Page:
Louzanne Coetzee
Athlete Louzanne Coetzee with the trophy of the Free State Sports Association for the Physically Disabled as Sports Star of the Year.

Although challenging, very exciting and a new journey, says Louzanne Coetzee about the athletics year for which she has been recognised.

The 26-year-old, who is doing her master’s in Social Cohesion and Reconciliation Studies at the University of the Free State, won the Free State Sports Association for the Physically Disabled (FSSAPD) Sports Star of the Year award for a fourth consecutive time. This was for the period June 2018 to April 2019.

In that time, she set a world record, an Africa record, and ran two marathons in which she came amazingly close to a second world record.

Only in her second marathon at the Berlin Marathon in September, the Paralympian fell 26 seconds short of the T11 (totally blind) world record time. She met the qualifying time for the 2020 Paralympic Games in Tokyo during the London Marathon in April.

“Marathons are definitely challenging and a new field for me, but I would say it has been a good 12 months. My aim is now set on next year’s Paralympic Games, where I would like to compete in the marathon and the 1 500 m.”

“I hope to run a good time in the 1 500 m at the World Para Athletics Championships in November.”

At the SASAPD National Championships for physically disabled and visually impaired athletes in April 2019, Coetzee won three gold medals and set a record in the 1 500 m. 

Others from the UFS also honoured

Coetzee has received several awards in her career, but says it is always special to be rewarded by her own federation (FSSAPD). 

Danie Breitenbach (T11) was also honoured as the Senior Male Sports Star. He bagged two gold medals and one silver and set a SA record in both the 800 m and 1 500 m at the nationals. Another Kovsie, Dineo Mokhosoa (F36 – coordination impairments), received a merit award for her gold medal in shot-put and silver in the discus at the national champs.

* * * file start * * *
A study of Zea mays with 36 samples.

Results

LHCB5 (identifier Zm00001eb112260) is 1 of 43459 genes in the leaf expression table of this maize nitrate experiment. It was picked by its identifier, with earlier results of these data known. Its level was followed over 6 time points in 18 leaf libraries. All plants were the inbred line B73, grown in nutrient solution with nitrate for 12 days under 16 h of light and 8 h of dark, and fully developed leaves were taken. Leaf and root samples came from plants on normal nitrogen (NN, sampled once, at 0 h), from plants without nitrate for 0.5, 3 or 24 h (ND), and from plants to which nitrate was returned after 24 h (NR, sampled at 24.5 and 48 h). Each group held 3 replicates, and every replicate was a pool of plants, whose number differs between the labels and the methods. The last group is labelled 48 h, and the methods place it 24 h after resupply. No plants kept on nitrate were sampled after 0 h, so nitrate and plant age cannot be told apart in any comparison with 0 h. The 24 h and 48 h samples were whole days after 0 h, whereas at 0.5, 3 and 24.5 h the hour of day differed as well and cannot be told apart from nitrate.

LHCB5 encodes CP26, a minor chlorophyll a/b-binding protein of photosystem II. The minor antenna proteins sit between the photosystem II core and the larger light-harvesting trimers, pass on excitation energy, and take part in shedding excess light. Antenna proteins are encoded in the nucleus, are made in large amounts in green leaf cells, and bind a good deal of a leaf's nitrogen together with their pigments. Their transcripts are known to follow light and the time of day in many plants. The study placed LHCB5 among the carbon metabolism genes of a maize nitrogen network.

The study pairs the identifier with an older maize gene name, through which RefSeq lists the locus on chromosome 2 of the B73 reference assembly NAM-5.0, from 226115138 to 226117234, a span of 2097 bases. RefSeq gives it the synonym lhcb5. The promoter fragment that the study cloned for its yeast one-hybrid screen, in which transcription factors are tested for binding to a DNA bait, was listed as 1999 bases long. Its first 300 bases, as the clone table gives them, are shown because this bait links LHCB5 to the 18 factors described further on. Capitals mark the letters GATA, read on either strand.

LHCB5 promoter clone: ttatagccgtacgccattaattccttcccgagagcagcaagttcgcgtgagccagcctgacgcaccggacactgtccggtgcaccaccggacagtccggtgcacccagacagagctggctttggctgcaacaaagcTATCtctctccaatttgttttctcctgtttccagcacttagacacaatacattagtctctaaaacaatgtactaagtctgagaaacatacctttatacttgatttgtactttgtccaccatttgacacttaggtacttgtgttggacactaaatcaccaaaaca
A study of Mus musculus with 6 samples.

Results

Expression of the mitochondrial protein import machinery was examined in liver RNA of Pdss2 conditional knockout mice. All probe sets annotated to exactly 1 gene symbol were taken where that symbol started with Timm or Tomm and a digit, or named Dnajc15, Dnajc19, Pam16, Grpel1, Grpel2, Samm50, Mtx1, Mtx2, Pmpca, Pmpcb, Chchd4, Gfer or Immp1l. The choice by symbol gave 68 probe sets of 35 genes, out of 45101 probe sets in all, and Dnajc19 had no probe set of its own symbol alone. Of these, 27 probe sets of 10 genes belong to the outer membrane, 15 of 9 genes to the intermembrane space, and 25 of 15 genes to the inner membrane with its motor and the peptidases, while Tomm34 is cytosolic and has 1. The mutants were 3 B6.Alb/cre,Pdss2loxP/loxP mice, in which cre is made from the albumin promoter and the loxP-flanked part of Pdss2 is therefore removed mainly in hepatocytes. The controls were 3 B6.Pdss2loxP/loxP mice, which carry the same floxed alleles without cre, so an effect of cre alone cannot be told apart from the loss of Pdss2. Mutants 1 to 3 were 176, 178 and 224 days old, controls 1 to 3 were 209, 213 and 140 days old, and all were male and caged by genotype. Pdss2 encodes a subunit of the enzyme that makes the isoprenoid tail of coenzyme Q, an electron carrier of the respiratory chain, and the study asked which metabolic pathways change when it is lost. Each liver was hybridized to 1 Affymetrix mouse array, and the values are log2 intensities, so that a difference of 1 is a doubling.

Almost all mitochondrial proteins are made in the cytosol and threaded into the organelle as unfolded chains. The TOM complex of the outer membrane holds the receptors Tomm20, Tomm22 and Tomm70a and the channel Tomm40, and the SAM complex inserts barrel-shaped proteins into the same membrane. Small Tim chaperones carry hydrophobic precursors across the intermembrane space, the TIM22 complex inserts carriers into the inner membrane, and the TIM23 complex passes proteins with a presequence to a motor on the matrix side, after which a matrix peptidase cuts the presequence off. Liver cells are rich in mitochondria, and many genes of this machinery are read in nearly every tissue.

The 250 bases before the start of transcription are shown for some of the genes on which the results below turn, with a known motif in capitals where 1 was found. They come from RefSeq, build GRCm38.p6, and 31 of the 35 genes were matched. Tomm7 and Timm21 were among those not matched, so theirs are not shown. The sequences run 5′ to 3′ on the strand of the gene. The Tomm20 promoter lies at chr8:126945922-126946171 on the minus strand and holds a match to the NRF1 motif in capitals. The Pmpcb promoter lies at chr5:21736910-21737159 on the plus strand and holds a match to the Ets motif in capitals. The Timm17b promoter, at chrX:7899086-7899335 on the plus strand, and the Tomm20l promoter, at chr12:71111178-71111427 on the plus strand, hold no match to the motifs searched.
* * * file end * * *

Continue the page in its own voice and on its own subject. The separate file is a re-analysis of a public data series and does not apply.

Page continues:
News Archive

PSP allows Dr Thom Wium to develop as an academic
2016-12-26

Description: Matildie PSP Tags: Matildie PSP 

For Dr Matildie Thom Wium, the
rewarding part of teaching is “the
moments of synergy with a group of
students” and when she senses that she
could, for instance, help them to better
understand a music selection.
Photo: Sonia Small

Being part of the Vice-Chancellor’s Prestige Scholars Programme (PSP) has opened doors for Dr Matildie Thom Wium. She is able to better plan her research, and the overseas trips she has to undertake for this helps to develop her skills.

The senior lecturer in the Odeion School of Music (OSM) at the University of the Free State (UFS) says these are some of the advantages the PSP holds for her.

She attended two international conferences this year – in London in January, and in New York in August. Furthermore, she is working on musical analysis with Prof Timothy Jackson at the University of North Texas, US from 12 September 2016 to 31 December 2016. Prof Jackson is a research professor and was one of her PhD promoters.

Conferences contribute to her vision
“I think the PSP is a fantastic initiative,” says Dr Thom Wium, whose husband Daniël Wium is a lecturer in Astrophysics at the UFS. She says the reseach support from the PSP is amazing. “In addition, the writing retreats offered by the PSP help to set time aside during the busy semester to work on articles.”

“I think the PSP is a fantastic initiative.”

The conference in London was on operatic practice in the 19th century. In the US, Dr Thom Wium, who has been working at the UFS since 2007, also participated in a panel discussion on this topic. “It means a lot for my vision as an academic to participate in conferences where I have the opportunity to meet and exchange thoughts with the people whose work I read and cite.”

Involvement in SA equally important

However, she believes that it is equally important to stay involved locally. At the conference of the South African Society for Research in Music, which was hosted by the OSM from 25 to 27 August 2016, she presented a paper on composer Arnold van Wyk and performed a song cycle by him. She did research on Van Wyk for her PhD.